Today is still Good Friday, at least according to the BBC Weather Centre. But I wonder for how much longer in our secular culture. Why should Christians be given a public holiday for our special day? Will Birmingham’s Winterval soon be joined by Bunny Friday?
Or more to the point, are we on the centre of the road or bunched onto the pavement later this morning? It could go either way.
Each Good Friday the churches of Ormskirk join together for our procession of witness behind the cross. We leave the Moorgate car park (i.e. M&S) at about 11.30 am for the market cross by the circuitous route along Park Road.
A powerful witness in a public place, but also a potential inconvenience to those driving through Ormskirk.
Over the years the police have handled this problem in different ways.
I remember walking on one side of the road with traffic using the other, supervised by the police.
Then we were restricted to the pavement. I felt we had lost something.
A public event became a private excursion, as if Christianity was a hobby for like-minded enthusiasts.
Then last year something happened. The police blocked the traffic, leaving the road for the procession, moving at the speed of our slowest walker. The cross of Jesus is a public event; that’s how crucifixions work.
However, I did feel vaguely guilty, blocking off Southport from the rest of the country for 20 minutes – although considerably shorter than the August MotorFest.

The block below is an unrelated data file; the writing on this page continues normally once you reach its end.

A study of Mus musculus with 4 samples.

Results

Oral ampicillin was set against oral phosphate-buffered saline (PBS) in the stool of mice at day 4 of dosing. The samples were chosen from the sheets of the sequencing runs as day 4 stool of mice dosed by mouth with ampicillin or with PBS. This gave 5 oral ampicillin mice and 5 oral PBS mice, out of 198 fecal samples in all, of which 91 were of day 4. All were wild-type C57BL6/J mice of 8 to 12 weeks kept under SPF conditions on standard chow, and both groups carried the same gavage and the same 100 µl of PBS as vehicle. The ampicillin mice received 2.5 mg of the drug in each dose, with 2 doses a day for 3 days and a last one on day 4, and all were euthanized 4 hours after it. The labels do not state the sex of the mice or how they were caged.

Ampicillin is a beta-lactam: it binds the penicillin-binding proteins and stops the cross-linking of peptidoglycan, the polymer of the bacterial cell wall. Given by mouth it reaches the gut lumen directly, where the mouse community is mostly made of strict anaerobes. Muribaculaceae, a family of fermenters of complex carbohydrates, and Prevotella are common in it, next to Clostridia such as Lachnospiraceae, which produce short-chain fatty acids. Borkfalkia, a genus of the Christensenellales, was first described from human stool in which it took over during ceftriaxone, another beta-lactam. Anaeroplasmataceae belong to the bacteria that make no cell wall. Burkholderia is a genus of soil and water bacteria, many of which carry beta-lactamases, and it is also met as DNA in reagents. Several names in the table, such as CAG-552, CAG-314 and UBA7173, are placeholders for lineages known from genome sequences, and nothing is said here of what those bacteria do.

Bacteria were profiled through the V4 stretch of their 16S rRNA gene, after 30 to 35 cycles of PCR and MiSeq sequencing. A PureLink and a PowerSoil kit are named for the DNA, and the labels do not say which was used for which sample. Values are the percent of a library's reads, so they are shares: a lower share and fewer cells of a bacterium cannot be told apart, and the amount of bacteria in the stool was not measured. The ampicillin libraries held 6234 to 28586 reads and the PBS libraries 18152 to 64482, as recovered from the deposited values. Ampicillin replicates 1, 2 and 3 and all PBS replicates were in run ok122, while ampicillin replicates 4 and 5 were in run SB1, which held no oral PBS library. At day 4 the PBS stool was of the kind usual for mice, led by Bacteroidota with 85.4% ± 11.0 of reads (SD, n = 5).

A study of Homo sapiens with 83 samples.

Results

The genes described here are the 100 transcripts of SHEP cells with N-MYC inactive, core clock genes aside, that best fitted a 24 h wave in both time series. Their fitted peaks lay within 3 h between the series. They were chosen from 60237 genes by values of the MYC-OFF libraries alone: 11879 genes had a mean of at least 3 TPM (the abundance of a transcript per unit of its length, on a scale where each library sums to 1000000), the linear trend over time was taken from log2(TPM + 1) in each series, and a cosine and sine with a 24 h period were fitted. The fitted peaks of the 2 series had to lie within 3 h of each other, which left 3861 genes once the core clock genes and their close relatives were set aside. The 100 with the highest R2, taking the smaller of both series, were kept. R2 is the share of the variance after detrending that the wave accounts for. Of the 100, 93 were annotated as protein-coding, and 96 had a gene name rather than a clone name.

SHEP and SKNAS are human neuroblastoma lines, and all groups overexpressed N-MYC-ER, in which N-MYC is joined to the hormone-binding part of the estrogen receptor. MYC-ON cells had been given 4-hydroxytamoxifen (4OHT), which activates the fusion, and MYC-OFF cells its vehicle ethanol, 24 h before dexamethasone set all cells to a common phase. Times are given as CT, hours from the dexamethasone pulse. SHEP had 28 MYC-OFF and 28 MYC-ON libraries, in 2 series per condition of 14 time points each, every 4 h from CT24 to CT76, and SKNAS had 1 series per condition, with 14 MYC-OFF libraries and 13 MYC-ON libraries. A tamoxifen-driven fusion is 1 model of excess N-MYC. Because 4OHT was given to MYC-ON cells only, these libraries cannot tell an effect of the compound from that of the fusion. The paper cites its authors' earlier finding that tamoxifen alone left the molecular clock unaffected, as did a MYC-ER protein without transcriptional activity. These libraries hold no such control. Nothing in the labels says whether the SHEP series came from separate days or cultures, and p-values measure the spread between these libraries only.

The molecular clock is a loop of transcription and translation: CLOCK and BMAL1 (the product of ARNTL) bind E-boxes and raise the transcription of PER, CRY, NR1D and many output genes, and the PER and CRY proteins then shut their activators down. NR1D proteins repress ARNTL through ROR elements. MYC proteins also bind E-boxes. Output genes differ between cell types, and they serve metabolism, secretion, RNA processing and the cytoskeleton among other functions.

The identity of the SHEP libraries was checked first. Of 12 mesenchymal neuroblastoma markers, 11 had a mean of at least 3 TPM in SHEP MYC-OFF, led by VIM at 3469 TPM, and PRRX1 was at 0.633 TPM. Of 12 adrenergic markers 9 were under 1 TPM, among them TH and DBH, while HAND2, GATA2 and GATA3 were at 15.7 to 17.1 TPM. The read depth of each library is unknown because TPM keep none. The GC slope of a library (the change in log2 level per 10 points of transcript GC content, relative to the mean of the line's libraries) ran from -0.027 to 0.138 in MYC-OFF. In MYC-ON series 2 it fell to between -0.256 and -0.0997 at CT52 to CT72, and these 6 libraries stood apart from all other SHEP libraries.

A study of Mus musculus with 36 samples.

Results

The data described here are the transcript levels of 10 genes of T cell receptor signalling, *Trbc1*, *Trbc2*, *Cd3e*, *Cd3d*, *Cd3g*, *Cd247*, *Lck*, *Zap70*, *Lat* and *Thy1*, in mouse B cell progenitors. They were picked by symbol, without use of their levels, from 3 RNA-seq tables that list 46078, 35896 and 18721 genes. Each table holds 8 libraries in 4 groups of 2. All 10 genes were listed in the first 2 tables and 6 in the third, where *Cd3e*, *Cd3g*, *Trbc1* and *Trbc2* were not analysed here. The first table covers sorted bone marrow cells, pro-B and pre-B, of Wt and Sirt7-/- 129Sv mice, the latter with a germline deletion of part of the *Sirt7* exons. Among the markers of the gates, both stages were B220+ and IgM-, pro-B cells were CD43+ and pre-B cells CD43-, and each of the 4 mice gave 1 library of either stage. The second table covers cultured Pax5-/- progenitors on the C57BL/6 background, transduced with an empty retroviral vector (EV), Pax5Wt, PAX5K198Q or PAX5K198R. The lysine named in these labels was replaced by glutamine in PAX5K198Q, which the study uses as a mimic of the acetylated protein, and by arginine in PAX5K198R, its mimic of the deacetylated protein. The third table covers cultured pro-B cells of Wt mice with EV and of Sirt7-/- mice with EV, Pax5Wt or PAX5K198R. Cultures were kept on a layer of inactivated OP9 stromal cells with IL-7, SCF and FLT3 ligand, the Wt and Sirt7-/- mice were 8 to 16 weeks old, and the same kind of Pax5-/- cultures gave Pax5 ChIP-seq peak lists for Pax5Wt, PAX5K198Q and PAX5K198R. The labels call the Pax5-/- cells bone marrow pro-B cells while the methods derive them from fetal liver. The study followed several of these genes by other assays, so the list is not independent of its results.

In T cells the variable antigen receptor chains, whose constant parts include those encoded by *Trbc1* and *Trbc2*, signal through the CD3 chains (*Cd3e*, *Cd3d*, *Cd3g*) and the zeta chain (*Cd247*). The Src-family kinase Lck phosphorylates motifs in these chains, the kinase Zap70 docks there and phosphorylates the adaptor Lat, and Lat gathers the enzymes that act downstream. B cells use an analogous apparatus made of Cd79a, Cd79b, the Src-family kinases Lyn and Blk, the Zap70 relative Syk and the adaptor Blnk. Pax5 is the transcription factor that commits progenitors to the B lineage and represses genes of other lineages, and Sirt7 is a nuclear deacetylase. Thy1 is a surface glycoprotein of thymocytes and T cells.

I remember wondering why the policy change. Was it the police saying thank you to the churches for street pastors?
But don’t get too excited. We have just been informed that there are new rules. We have to have county and borough council permission to close the roads, giving eight weeks notice! “Bureaucracy – observed Einstein – is the death of all sound work.” Albert could have added “and potentially of all processions of witness.”
We’ll see, but the underlying question is where is Good Friday going? And underlying that question – What is the place of the Christian faith in our nation?
Strangely the tide is flowing in both directions at once, assuming that metaphor makes sense. One current is very strong – commercialization. Liverpool One will be going full belt, as will both teams from Swansea and Newcastle in the Premier League.
But something else is happening at the same time. For example, Preston will be brought to a standstill at 12 noon for their Passion (BBC1 live 12 noon not BBC4 recorded highlights). In fact, public Passion enactments are becoming a feature for Good Friday.
There will be 20000 (maybe double that amount this year) packing Trafalgar Square for their annual Passion Play. I’d be there if I could.
It all began just four years ago when Peter Hutley was walking across the square. “Suddenly, a thought me struck me,” he recalls. “Trafalgar Square would be a marvellous place to stage a passion play.” A Christian with a good idea, some faith and Holy Spirit determination.
Very simply people realize that shopping is not enough for Good Friday. This very special day needs marking with some meaningful event in which we may all participate. Such is the power of the cross of Jesus. And ours too, if we are prepared to carry it before a wondering world.